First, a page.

During the 2012 presidential campaign in the U.S., it was easy to hyper-focus on our own election issues and to ignore elections in the rest of the world. But even if you wanted to find out how many people voted—and for which parties–in, say, the 2012 Ukraine election–you’d have a hard time getting the details. Now, there’s a site called Election Passport, where you can dig deep into the data from 80 countries.
Launched in August 2013, Election Passport is an online resource offering free access to a rich database of international election results. The site’s goal is to enable researchers and students to engage in high-level analysis of elections on countries for which data are not easily available.
From Andorra to Zambia, this site provides unusually complete data sets that include votes won by very small parties, independents, and frequently, candidate names that are difficult to locate. As an ongoing project, additional elections will be regularly added.
For most countries, especially those with elections held using the single-member plurality or block vote systems, the data include candidate names. The data are unusually complete for all countries, including very small parties and independents.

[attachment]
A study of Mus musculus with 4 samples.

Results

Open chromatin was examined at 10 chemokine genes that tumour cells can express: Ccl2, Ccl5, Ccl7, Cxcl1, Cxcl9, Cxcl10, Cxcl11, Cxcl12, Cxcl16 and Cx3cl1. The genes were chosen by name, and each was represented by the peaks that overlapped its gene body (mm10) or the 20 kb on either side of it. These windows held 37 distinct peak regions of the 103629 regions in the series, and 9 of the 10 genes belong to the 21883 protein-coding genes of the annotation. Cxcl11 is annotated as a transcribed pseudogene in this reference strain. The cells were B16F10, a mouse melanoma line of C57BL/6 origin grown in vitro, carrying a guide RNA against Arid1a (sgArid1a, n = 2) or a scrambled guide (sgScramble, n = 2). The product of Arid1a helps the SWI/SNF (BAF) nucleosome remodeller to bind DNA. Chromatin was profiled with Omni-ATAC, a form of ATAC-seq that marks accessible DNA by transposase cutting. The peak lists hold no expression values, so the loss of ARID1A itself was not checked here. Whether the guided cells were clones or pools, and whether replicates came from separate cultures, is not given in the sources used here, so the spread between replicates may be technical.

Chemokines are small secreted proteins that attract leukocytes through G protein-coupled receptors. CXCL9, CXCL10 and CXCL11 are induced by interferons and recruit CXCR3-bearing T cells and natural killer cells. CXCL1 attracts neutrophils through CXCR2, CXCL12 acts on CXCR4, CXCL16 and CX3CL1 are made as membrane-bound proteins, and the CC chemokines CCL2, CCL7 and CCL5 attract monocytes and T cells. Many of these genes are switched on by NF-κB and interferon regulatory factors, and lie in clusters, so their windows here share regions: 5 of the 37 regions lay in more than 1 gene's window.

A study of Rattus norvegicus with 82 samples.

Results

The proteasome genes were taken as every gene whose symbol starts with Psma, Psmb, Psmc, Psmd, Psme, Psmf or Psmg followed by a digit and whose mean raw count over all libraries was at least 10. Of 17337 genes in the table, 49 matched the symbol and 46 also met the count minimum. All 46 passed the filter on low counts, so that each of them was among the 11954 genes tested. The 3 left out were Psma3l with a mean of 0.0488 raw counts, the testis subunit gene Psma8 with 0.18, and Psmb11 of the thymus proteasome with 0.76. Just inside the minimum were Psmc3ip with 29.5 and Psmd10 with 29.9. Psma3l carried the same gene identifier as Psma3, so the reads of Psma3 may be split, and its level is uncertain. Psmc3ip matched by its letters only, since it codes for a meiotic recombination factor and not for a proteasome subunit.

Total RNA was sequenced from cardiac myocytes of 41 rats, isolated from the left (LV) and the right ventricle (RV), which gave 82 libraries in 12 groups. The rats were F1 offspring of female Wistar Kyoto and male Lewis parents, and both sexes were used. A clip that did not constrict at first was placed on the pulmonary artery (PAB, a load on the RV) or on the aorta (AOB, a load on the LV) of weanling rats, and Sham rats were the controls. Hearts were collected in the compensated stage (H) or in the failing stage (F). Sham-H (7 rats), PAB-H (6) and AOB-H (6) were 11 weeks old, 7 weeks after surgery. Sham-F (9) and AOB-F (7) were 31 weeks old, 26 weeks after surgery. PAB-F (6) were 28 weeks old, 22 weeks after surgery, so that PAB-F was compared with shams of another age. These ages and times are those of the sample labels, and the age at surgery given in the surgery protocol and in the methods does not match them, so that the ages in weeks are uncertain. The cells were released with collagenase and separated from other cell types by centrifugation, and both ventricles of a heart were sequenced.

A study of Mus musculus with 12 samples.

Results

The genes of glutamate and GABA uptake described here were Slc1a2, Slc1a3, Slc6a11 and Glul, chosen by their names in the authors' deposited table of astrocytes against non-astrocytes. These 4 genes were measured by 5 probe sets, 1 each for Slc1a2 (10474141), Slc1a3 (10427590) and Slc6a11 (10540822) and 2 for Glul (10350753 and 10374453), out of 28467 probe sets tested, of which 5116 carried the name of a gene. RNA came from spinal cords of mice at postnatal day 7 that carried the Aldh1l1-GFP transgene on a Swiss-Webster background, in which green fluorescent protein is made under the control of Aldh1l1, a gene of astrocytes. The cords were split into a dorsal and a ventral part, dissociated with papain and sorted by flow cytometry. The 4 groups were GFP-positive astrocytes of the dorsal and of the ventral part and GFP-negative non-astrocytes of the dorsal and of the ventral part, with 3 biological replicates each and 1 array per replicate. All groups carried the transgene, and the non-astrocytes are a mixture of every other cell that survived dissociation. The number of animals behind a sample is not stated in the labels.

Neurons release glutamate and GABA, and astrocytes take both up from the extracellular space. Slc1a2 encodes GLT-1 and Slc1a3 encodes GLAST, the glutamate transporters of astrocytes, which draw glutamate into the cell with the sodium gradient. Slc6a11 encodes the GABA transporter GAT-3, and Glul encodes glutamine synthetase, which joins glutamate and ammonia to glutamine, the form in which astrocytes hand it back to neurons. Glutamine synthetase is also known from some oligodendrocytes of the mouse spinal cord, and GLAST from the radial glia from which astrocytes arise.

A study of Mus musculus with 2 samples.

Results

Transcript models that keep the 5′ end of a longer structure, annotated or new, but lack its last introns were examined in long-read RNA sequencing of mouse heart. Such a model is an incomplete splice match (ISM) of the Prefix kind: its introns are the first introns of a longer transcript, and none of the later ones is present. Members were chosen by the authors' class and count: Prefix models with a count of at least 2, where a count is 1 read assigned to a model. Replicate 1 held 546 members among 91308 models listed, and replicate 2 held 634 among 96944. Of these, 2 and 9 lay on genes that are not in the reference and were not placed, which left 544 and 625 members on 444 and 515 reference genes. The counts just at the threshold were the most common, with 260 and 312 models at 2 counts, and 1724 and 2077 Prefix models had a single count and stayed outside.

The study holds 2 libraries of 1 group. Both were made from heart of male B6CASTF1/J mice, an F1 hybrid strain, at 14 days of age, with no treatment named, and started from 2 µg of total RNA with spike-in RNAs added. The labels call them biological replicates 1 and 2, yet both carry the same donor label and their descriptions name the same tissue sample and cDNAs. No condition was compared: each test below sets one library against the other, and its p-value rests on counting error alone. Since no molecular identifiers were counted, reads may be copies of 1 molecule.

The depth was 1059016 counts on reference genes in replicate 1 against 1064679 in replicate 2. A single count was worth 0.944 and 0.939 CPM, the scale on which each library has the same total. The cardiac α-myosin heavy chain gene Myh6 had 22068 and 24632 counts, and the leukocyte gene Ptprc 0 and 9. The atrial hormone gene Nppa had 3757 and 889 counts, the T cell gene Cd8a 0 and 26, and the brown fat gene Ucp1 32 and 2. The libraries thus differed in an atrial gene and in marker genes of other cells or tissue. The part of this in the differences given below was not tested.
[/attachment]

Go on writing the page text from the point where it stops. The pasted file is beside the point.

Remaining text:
They’re not kidding about this being a research site, by the way. The data is presented raw, in Excel spreadsheets, whose headings you need to study closely if you want to get a handle on what it all means.
My own, quick, superficial dip into the website offered up some interesting tidbits. For example, in Ukraine, voters over the years have had the option of casting their ballots not just for the “Communist Party of Ukraine,” but also for groups known as the “Ukrainian Sea Party,” “Forward Ukraine, “The Peasant Party,” and even the “Fewer Words! Election Bloc.” [Ah, the Monty-Pythhon-esque joys and variations of the parliamentary system. But I digress.]
Here’s another example: On the spreadsheet for Malaysia’s 2013 election for its House of Representatives, I found out that of that country’s 13,268,002 registered voters, 11, 257,147 cast ballots. That’s an 80 percent turnout, which puts the U.S. to shame.
Kudos to the American University political science professor—David Lublin—who created the site. Perhaps it will encourage citizens, students, reporters and researchers to look beyond the U.S. and become more aware of and knowledgeable about the wider world beyond our much-too-chauvinistic borders.